How to find the expert witness you need to make a case
Why do you need an expert witness? Sometimes an expert witness is called to testify about evidence that requires specialized experience, education, or understanding.
We hear the most about medical or forensic experts, though a specialist can be called for just about any topic. In many cases, what the lawyers will look at most closely with respect to expert testimony is whether the person is qualified as an expert.
Often, each side will call its own expert and each might have a different opinion about the evidence at hand. When that happens, the lawyers often try to discredit the opposing counsel’s expert. It can get messy!
Who can be an expert witness?
Within the Federal Rules of Evidence (FRE), there are specifics about who can be an expert witness. These laws apply in state courts, as well. In general, an expert must have the following in a specific field:
Restrictions on expert witness testimony
A witness is only allowed to testify about what they’ve actually observed. An expert witness is usually allowed to provide their professional opinion about a piece of evidence. FRE Article VII, Rule 702 has four requirements for expert testimony:
- The expert’s scientific, technical, or other specialized knowledge will help the court to understand the evidence and determine a fact at issue.
- Expert testimony is based on sufficient facts or data.
- Testimony is the product of reliable principles and methods.
- Expert has reliably applied those principles and methods to the facts of the case.
Federal law also includes the Daubert standard (Daubert v. Merrell Dow Pharmaceuticals, Inc.) for admissibility of expert witness testimony. This is used when one party seeks to exclude testimony of an expert witness on the grounds that the witness or evidence is not properly qualified. This is called a “Daubert challenge.”
The five questions to ask when applying the Daubert standard are:
- Can the theory or technique in question be tested?
- Has the theory been subject to peer review and publication?
- What is the known or potential error rate for this theory or method?
- Are there existing and maintained standards for operating the method?
- Has the method attracted widespread acceptance within a relevant scientific community?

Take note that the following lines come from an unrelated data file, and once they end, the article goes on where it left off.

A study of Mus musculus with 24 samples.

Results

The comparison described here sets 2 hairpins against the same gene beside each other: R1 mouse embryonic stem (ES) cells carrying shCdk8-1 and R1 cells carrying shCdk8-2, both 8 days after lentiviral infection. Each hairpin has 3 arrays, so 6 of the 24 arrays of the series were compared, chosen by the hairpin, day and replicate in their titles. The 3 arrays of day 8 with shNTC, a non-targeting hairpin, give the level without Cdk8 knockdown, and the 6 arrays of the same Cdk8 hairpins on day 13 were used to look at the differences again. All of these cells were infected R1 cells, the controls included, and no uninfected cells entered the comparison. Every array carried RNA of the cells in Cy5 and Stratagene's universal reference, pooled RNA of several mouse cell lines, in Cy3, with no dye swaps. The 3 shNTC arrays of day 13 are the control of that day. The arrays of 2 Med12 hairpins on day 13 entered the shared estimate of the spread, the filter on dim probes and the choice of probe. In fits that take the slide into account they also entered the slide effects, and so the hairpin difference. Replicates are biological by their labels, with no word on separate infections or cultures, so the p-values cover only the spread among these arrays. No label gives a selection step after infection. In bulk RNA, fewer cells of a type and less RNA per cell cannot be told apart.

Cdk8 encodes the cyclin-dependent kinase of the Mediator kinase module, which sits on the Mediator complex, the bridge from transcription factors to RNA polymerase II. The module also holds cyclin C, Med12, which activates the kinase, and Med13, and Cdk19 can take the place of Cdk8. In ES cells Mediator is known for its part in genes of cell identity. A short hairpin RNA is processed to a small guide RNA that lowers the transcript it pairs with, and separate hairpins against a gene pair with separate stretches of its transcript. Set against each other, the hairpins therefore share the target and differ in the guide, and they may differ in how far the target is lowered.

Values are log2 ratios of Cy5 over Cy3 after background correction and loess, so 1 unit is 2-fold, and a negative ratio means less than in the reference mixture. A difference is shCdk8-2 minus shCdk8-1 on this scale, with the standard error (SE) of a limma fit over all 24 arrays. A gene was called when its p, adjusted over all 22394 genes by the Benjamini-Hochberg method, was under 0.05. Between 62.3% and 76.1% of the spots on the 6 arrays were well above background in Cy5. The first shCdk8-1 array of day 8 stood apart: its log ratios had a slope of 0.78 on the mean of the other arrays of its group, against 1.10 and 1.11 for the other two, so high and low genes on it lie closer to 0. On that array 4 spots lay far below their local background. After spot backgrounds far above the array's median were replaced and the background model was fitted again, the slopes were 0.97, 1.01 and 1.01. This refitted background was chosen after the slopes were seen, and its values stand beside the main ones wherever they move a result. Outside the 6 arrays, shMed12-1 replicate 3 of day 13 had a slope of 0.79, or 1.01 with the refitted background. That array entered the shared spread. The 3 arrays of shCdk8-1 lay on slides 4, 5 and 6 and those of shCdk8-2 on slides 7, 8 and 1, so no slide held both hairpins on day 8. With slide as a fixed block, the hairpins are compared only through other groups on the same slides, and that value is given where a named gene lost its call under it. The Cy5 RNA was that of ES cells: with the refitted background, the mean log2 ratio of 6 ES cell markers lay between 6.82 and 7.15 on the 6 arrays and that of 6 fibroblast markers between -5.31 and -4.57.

While Daubert is the rule in federal cases and most states, there are still a few states that use an older standard. Your state court might use the Frye standard (Frye v. US), which asks whether expert opinions are based on generally accepted techniques in the scientific field. Daubert goes a little further in making sure that the testimony actually adheres to the concepts in Rule 702.
Different types of expert witnesses
If your case is complicated and involves technical evidence, your lawyer will find an expert witness who’s specifically trained in the subject matter. Most cases require expert witnesses who are included in the categories below.
Medical experts are more prevalent than any other kind of experts in court proceedings. A medical expert might be a doctor, but could also be a nurse, technician, or physician’s assistant who specializes in the specific field that’s relevant to the evidence or your case. Often, medical experts include dental experts or other scientists who can analyze data presented by one of the parties.
A forensic expert is sometimes a medical expert, but not always. This person is an expert with respect to some science related to the case (often criminal, but not always). A forensic expert might be someone who analyzes ballistics, blood spatter, criminal behavior, and other material evidence. For example, if a party wants to prove that a footprint or fingerprint belongs to a specific person (or would rule out a specific person), they might call a forensic expert who knows the science behind making that determination.
A financial expert will testify about accounting, fraud, tax evasion, and other financial crimes. These experts are primarily used in white collar crime trials.
Mental health expert
A mental health expert will be called to testify about behavior, psychological profiles, or other mental fitness issues that might affect the case. This person is very similar to a medical expert, except that their testimony will address questions like whether the person understood their actions, is clinically or criminally insane, or is of sound mind and can make decisions that pertain to wills or other legal situations.
This expert is usually reserved for Social Security disability benefit appeals hearings. A vocational expert will offer and opinion about whether the person is capable of working. For example, the Social Security Administration might use this testimony to try and prove that the person doesn’t really need disability benefits.
How to find an expert witness
Fortunately, you probably don’t need to.
One reason a good lawyer is essential is because they’ll already have a great contact list of experts — or if they don’t have one specific to your case, they can find one through professional connections or expert witness directories like JurisPro. Your job as the plaintiff in a lawsuit is to relay the facts to your lawyer as carefully and completely as you can. Your lawyer’s job is to use the helpful evidence and find experts who provide context that makes the evidence demonstrate what it needs to for successful legal proceedings.
The Enjuris personal injury attorney directory is a great resource for finding the lawyer who’s right for your case and in your state. This guide to preparing to meet with your attorney for the first time will also offer insight about what to expect, bring, and do in order to get the most out of that first meeting.